Posted by Douglas Sorocco at April 10, 2005 05:20 PM
Is your IP attorney stuck in the sand?
You know the type – always too busy to return your call. Always too busy to sit down with your technical staff and explain legal principles and concepts in an understandable manner. Always too busy to stop by the lab or manufacturing plant to see what is new. Always too busy.
Always – just – too – busy.
This attorney is stuck in the sand – the metaphorical sand of the billable hour. It can be the billable requirement that their firm imposes on them (I just heard the other day that it is creeping up to 2300 hour mark in the Philadelphia area) or it may be the strict adherence to the billable hour model of charging for services.
However it is being used – the billable hour is the sand keeping the attorney from truly integrating themselves into your business or technology. Putting in the extra “non-billable” time isn’t valued by the attorney because it isn’t valued by their firm. Therefore, they are always “too busy” to do the other things that nurture and foster a relationship focused on the well-being of the client and their business.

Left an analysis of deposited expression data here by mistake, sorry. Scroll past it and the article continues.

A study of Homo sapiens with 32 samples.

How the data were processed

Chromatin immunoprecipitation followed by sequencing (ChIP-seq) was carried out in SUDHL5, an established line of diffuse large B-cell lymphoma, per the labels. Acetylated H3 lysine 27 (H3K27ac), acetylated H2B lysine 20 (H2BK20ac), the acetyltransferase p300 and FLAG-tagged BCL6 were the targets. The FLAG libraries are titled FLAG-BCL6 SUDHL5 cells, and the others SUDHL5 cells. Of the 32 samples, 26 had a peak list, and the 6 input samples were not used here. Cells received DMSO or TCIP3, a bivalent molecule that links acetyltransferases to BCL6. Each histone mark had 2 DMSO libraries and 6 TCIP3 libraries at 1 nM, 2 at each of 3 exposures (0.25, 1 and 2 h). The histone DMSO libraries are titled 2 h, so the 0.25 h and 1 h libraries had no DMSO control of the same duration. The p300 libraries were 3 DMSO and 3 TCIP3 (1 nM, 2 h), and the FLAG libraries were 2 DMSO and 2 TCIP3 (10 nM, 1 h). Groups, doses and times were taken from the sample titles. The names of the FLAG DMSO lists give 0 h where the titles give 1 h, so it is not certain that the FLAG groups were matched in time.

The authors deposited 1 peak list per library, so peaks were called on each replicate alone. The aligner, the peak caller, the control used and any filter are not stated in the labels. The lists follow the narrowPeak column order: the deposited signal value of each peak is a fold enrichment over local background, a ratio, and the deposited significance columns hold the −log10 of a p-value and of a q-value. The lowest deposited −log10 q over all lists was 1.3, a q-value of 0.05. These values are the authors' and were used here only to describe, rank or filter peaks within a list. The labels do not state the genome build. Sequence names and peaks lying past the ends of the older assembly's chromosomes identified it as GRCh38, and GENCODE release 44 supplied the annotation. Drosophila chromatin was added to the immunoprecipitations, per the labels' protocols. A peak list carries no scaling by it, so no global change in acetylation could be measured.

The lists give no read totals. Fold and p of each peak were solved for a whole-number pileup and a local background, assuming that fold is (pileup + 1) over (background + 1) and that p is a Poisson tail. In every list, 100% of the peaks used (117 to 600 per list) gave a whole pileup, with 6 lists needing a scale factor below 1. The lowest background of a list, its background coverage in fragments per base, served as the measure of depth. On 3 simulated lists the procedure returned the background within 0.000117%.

It isn’t valued anywhere in the legal revenue generation food chain.
An example: patent drafting and prosecution is extremely susceptible to alternative billing models – but many patent attorneys don’t offer them. Oh, they may say that they do by offering to prepare and file the application for a “fixed fee”.
The truth — they are still gauging the fee on billable hour methodologies. They are determining the number of hours it will take – let’s say 40 – and multiplying that by their billable rate – let’s say $200 – and coming up with an “alternative” – i.e. I will prep this application for you for $8,000. The client walks away thinking that they just got a “deal” and that the attorney will be working harder for them because, Afterall, the attorney is willing to be flexible and learn about the business.
See the shell game? The patent attorney is stuck in the sand – they can’t get away from the billable hour even when determining an “alternative” fee. They just “presold” the client a specific number of hours of their time. The attorney has even less incentive to spend extra time with the client now – not more.
So – the next time your patent attorney offers you a flat fee arrangement, find out their hourly rate first. They are your hours – you might as well figure out how many you actually bought.
The image is from the The Social Customer Manifesto blog – one to read, if you know what I mean.